A review of 6 Shorts: The finalists for the 2013 Sunday Times EFG Private Bank Short Story Award
There are times when I’m traveling, or even walking down the street in my own neighbourhood when I see something and get shivers. The beauty of it. The quiet of it. The intense feeling I get when I’ve witnessed something life-changing.
Sometimes, more rarely, I read it. I come across a line in a book and I stop. My mind goes blank. I’m blocked from thinking about anything except what I’ve just read.
When that happens, I know I’ve found a book worth reading and an author worth following.
What if you’re reading a collection of short stories from different authors and you experience that suspension of thought, that feeling of awe, for more than one author and more than one story? Maybe even more than once for each?
Well, then you’ve just added two authors to your must read list. Yay! I love it when that happens.
6 Shorts: The finalists for the 2013 Sunday Times EFG Private Bank Short Story Award (amazon.ca / amazon.com), did this for me. As the title implies, there are six short stories – by: Junot Diaz, Mark Haddon, Sarah Hall, Cynan Jones, Toby Litt, and Ali Smith. All are worth reading, but two of them stood out for me as gloriously beautiful.
My favourite was The Gun, a story by Mark Haddon about two young boys in 1972 who find a gun one afternoon and what they proceed to do with it. I loved it. It transported me to the narrator’s childhood experience, and had me completely in its grip. I felt Daniel’s fear, horror, his inability to move away from what was happening, and his desire to be a part of it – danger, blood and all. I loved the instances of humour and adventure, the calm, honest truths of childhood that crept up in the text like little gifts, and the glorious writing that at times left me, quite seriously, awestruck. “That cathedral of silence before the first shot. Slabs of dusty sunlight.” Just beautiful.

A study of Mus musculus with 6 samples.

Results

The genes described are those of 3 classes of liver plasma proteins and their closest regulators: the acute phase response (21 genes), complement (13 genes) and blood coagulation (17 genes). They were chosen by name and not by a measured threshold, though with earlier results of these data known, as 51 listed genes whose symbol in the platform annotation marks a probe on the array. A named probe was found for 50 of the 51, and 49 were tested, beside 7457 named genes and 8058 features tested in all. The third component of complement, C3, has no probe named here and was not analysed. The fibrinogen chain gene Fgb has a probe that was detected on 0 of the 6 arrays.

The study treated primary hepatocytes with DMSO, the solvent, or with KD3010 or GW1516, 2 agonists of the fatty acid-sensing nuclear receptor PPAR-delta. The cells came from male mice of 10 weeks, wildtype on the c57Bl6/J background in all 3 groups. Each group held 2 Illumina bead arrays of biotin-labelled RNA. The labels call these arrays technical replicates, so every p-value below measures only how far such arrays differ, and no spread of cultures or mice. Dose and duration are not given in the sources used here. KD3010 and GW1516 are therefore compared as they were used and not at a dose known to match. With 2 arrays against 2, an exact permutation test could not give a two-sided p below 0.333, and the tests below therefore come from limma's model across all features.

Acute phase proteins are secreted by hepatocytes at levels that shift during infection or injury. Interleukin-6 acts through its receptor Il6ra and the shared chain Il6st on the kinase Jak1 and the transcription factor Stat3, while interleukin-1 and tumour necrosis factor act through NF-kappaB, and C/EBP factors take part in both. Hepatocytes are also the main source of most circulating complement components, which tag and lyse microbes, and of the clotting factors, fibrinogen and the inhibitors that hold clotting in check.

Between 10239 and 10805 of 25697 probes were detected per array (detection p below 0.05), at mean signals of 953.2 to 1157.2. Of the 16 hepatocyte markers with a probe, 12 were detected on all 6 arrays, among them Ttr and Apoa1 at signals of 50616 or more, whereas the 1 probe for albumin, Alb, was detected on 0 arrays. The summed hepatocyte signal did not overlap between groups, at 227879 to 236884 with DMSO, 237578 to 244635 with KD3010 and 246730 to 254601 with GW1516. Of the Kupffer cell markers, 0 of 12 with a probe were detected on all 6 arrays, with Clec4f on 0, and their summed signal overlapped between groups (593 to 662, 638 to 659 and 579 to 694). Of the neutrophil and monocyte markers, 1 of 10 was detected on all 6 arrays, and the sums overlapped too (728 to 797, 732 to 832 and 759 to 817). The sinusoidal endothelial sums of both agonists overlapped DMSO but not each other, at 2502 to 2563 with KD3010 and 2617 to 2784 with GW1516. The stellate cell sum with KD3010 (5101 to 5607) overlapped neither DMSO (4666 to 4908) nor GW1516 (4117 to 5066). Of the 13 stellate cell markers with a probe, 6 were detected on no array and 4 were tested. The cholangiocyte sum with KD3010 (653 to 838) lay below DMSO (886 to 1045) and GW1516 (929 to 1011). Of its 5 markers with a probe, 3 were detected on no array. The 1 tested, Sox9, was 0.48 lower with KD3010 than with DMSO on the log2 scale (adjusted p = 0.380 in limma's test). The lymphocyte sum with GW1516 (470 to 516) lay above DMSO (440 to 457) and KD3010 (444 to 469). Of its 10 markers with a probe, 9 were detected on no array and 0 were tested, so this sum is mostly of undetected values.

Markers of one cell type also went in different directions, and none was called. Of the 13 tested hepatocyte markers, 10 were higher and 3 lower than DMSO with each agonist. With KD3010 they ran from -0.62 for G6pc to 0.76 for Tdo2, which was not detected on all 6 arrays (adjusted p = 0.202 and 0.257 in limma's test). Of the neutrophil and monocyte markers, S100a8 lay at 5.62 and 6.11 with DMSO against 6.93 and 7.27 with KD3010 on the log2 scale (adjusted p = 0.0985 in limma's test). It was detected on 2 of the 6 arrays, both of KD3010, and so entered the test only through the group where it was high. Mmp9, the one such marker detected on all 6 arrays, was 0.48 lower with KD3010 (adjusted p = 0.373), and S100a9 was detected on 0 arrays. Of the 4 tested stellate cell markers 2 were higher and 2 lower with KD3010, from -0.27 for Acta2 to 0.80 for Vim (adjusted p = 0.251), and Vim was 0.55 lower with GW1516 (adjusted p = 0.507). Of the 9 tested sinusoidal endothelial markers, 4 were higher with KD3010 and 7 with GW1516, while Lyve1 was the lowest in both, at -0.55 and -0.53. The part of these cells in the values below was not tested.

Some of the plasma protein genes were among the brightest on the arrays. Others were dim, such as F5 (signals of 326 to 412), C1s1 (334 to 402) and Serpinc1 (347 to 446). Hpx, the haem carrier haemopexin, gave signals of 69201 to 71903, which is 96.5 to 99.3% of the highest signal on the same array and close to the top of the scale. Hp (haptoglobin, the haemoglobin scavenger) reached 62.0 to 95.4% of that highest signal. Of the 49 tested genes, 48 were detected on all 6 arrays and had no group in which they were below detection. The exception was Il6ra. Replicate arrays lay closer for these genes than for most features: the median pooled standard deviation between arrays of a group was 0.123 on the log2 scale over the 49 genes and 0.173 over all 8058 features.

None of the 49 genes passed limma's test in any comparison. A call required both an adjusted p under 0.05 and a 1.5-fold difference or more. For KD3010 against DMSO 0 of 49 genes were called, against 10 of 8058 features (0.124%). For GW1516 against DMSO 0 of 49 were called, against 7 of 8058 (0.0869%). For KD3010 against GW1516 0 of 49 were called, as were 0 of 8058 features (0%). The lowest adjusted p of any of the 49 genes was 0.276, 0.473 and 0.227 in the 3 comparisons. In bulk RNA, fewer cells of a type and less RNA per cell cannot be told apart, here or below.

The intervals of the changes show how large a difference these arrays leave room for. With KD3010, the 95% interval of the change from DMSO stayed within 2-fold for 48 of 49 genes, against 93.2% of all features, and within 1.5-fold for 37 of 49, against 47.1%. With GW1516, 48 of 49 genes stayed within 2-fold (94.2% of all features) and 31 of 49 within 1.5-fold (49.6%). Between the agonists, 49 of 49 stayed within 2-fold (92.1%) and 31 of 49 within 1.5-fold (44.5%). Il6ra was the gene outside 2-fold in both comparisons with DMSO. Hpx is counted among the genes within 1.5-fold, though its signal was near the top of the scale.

The Dig, a story by Cynan Jones about a boy who goes with his father on an early-morning badger hunt in the Welsh countryside, was my second favourite. Incredible, evocative, amazing for its compact vocabulary and intensity. The kind of story you think must be autobiographical because it is so vivid and true.
Diving into these six incredibly well-crafted short stories makes me want to read more anthologies like this. Each one is different, with a different style and perspective. And with each one, I found myself thinking at some point, “Wow. I wish I said that.” That’s the other way I know I’ve stumbled onto something great. With 6 Shorts, I’m so happy I did.
Thanks to Rob at Robaroundbooks.com, for his post that led me to this collection.